THESE 10 CARS HAVE THE HIGHEST DEALER MARKUPS OVER MSRP
It's no secret that many cars aren't exactly affordable today, as new vehicles had an average sticker price of $42,645 in June. And for certain makes and models of cars, it doesn't stop there — hefty markups are still tormenting today's buyers. Dealers tacked on an average of $4,000 in markups to vehicle Manufacturer's Suggested Retail Prices in June, bringing the average price up 8.5% to $46,265, according to automotive research firm iSeeCars.com. But some vehicles are getting marked up by as much as 17 to 30%.
It's part of an affordability crisis that has car payments averaging more than $700 this year and more than 17% of consumers paying more than $1,000 a month (process quoted are US$), according to Edmunds. But even with increasing interest rates, rising monthly payments, and more car loan rejections, there's still strong demand for new vehicles.
Average Selling Price
% above MSRP
Jeep Wranger Unlimited
Toyota Corolla Cross Hybrid
Mercedes-Benz E-Class Wagon
Lexus RX 350h
Every mile you drive, the more wear you put on your car. Of all the consumables on your vehicle, tires are arguably the most susceptible to the environment around them. It works both ways, however, as studies show tires are actually just as environmentally impactful as the emissions coming out of tailpipes worldwide. Microscopic tire particles are shed into the air with every mile, as 2022 studies claimed that levels of rubberized airborne pollutants were actually growing above that of tailpipe emissions. Additionally, a preservative chemical found in nearly every road-going tire known as 6PPD has been previously linked to devastating water pollution, specifically the killing of mass populations of salmon in the Pacific Northwest. And indigenous tribes, in particular, have been adversely affected by this chemical runoff, resulting in years of reduced fishing and the pollution of entire hatcheries.
That's why three tribes—the Yurok, Port Gamble S'Klallam, and Puyallup—have petitioned the Environmental Protection Agency to prohibit the manufacturing, processing, use, and distribution of 6PPD in and for tires. Spanning from Northern California to the Canadian border in Washington, these tribes claim such pollution actually violates their sovereign fishing and hunting rights. "To see 6PPD-q kill the salmon that are reared in the Port Gamble S'Klallam Tribe's own streams and from its own hatchery is an unconscionable slap in the face to a people who rely on salmon for their wellbeing, in addition to being a gross violation of the Tribe's rights as enshrined in the 1855 Treaty of Point No Point," said Josh Carter, the Port Gamble S'Klallam Tribe's environmental scientist. "If EPA truly cares about protecting the environment and the Tribe's Treaty Rights, not just industry's pocketbooks, it will act now."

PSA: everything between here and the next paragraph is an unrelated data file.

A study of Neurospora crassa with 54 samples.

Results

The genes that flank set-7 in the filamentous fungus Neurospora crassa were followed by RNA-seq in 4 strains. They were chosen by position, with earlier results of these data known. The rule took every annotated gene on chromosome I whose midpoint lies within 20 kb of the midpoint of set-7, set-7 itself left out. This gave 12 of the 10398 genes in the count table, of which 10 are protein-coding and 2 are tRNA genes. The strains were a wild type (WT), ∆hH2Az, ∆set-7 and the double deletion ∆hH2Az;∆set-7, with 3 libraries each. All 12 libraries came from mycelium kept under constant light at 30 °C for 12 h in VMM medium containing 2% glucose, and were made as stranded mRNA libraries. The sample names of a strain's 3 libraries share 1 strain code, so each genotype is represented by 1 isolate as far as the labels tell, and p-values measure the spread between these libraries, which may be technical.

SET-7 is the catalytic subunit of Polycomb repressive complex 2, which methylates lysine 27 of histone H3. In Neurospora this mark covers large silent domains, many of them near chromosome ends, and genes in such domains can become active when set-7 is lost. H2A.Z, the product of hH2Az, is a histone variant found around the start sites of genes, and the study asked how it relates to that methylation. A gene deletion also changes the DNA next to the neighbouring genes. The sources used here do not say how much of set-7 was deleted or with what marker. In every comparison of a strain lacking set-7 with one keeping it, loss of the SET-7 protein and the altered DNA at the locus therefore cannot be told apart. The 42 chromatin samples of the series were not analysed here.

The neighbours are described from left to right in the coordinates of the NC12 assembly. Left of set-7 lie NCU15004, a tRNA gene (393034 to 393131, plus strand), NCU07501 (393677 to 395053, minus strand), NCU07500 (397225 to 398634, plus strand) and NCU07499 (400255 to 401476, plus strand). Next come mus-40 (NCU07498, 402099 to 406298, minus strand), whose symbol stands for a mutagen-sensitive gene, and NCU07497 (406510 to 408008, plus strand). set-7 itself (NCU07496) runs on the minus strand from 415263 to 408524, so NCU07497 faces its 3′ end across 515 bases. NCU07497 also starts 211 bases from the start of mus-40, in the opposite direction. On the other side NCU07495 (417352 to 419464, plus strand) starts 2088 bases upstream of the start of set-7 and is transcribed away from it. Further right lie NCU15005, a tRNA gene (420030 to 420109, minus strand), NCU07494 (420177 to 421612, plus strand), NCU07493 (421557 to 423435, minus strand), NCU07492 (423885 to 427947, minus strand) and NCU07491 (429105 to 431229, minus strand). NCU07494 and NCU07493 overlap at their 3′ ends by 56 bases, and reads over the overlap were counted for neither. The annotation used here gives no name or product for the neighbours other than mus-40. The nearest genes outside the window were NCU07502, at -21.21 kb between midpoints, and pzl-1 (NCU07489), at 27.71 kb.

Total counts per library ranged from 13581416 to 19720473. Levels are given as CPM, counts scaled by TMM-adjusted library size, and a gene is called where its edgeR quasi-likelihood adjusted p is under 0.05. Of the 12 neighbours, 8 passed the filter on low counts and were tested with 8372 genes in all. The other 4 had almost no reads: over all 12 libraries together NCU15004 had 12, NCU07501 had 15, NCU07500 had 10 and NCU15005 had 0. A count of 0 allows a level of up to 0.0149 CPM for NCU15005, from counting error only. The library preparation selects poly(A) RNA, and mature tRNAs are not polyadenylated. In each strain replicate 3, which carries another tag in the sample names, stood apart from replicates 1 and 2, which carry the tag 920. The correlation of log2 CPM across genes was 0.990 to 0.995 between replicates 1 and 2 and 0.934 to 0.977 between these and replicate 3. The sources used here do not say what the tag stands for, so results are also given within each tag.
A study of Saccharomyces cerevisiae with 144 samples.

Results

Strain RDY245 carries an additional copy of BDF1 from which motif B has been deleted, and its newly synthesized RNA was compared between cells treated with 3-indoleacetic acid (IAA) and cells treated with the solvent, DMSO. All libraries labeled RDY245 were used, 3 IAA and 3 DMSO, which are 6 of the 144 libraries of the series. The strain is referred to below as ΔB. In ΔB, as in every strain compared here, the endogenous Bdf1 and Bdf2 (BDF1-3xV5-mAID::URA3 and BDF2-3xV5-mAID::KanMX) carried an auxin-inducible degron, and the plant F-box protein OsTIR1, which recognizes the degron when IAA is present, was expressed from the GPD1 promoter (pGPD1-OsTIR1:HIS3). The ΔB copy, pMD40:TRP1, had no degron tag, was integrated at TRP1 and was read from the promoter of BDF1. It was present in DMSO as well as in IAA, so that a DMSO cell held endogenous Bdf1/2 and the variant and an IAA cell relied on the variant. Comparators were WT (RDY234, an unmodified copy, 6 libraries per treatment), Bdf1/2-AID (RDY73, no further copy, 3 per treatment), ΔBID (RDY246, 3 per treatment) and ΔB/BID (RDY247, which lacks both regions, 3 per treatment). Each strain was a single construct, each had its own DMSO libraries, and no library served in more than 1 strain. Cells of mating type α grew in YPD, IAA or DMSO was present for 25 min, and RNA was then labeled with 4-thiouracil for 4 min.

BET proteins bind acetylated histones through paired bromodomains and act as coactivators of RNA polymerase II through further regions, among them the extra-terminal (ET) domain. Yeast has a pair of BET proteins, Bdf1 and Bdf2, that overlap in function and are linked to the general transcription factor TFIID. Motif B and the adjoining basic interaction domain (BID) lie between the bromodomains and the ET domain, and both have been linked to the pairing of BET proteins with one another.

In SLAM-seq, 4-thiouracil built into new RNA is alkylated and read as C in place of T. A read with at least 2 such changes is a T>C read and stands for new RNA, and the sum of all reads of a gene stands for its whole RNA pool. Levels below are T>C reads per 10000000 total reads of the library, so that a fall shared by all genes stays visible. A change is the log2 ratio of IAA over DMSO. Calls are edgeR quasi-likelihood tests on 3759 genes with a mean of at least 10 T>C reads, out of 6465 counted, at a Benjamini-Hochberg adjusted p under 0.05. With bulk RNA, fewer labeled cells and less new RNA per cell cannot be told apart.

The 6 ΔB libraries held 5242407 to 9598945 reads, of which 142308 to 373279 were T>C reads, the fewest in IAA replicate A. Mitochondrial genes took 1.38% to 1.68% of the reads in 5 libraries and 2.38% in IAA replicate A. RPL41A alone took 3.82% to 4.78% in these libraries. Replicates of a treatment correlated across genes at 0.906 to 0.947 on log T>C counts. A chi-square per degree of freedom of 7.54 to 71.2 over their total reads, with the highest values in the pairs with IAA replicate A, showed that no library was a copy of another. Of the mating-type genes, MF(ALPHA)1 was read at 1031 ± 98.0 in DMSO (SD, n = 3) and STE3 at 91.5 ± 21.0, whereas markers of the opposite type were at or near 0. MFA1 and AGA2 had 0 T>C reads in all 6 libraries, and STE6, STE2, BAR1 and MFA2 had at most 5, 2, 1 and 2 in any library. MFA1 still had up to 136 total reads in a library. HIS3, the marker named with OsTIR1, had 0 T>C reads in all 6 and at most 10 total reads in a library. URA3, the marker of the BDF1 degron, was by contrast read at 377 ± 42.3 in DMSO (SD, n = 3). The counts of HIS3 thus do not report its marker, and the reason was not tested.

Working with legal-nonprofit Earthjustice, the tribes assert that regulating the chemical is the EPA's duty under the Toxic Substances Control Act, which requires the EPA to ban or regulate chemicals that pose unreasonable risks to human health or the environment.
Additionally, the petition says the agency should order phase-outs of existing tires using 6PPD on the fastest practicable timeline. Notably, the Department of Toxic Substances Control in California and the European Chemicals Agency have previously labeled 6PPD as a harmful additive for human interaction.
NEXT ROADBLOCK FOR ELECTRIC CARS: EARLY ADOPTER ERA IS OVER
Early adopters fueled the initial spike in electric vehicle (EV) sales, but the next wave of consumers — the more price-sensitive "early majority" — is proving to be more elusive. Mainstream shoppers aren't willing to pay a huge premium over conventional gas-powered vehicles, in part because they're still apprehensive about charging an electric car and they think better EVs are coming.